Al.com: Senate politics in Alabama surfaces in Austal warship funding
Differences between Senate and House funding plans for warships built at Mobile’s Austal USA plant have wedged their way into the U.S. Senate race in Alabama.
Rep. Mo Brooks, R-Huntsville, is criticizing the U.S. Senate Armed Services Committee, of which Sen. Luther Strange is a member, for authorizing its version of a 2018 national defense budget that would fund only one littoral combat ship.
The House version, which was set to be approved by the full chamber Friday, pay for three LCS ships, in effect providing a certain future for thousands of workers. The LCS is constructed at Austal’s Mobile plant and at a Lockheed Martin facility in Wisconsin.
Strange, on Thursday, said he remains committed to three LCS vessels, and added that the “fight to fully fund three LCS is far from over.”
Strange wrote to President Donald Trump and U.S. Secretary of Defense James Mattis in April advocating for a budget that includes three LCS ships.
“Along with Representative Bradley Byrne, I look forward to passing a National Defense Authorization Act (NDAA) that reflects the priorities of Alabama and our nation’s Navy,” said Strange in a statement.
Brooks, who is making a strong bid to unseat Strange, said he was pleased that the House version of the NDAA delivered on three LCS vessels, and praised Alabama Reps. Bradley Byrne, R-Fairhope, and Mike Rogers, R-Saks, for their work.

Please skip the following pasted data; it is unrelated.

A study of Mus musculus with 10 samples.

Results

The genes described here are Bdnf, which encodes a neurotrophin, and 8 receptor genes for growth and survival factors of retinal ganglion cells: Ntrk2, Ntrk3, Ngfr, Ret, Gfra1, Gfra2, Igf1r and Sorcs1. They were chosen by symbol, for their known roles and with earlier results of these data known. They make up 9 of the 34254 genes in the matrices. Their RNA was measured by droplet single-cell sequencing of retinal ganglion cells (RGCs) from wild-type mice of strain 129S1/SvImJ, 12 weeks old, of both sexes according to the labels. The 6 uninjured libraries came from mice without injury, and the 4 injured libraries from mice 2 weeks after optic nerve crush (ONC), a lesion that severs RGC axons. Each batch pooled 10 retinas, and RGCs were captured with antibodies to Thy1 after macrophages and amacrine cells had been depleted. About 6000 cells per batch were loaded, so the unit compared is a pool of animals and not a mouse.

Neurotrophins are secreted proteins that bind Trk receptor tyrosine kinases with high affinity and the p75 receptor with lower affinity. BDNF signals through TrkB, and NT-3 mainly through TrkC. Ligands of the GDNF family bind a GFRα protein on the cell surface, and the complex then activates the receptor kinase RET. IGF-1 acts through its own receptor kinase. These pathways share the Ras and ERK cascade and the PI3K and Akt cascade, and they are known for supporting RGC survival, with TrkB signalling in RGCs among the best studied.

The GOP primary for the Senate race is Aug. 15, with a runoff scheduled – if needed – for Sept. 28.
Brooks did not criticize Strange by name, and said he was hopeful that the two chambers could get together and “resolve this disagreement” about the NDAA.
He said that he’d received “no explanation” of the Senate Armed Services Committee thinking in the matter. Brooks said, “The littoral combat ship is important to America’s national security and the Mobile Bay area economy.”
“This is the number of ships necessary to keep the Austal shipyard in Mobile operating at full speed and to keep the cost of the ships down,” said Seth Morrow, a Byrne spokesman, in defending the three-ship spending plan.
The Senate Armed Services Committee is chaired by Arizona Republican Sen. John McCain, who has been a frequent critic of the LCS program. McCain has claimed that the LCS has not lived up to combat expectations.
The White House, shortly after the Senate Armed Services Committee approved its funding program, came back with a proposal to add about $500 million to build two ships.
Trump, as a presidential candidate, promised to increase the size of the military and to bolster the number of U.S. Navy ships.
Congressional Republicans have backed the “Securing the Homeland by Increasing our Power on the Seas” Act, better known by its acronym: SHIPS. That act would establish a 355-ship benchmark for the Navy fleet, significantly exceeding a 308-ship goal released by the Navy in 2015. The Navy’s present fleet stands at 274.
Byrne believes that funding for three LCS vessels will help reach that goal. “We hope the Senate will also do their part to ensure we grow toward a 355-ship Navy and to support the over 4,000 men and women who work at the shipyard in Mobile,” said Morrow, Byrne’s spokesman.
SHIPS has bipartisan support from lawmakers with shipbuilding yards within their states. Those include Alabama, California, Florida, Hawaii, Maine, Mississippi, Virginia, Wisconsin and Washington.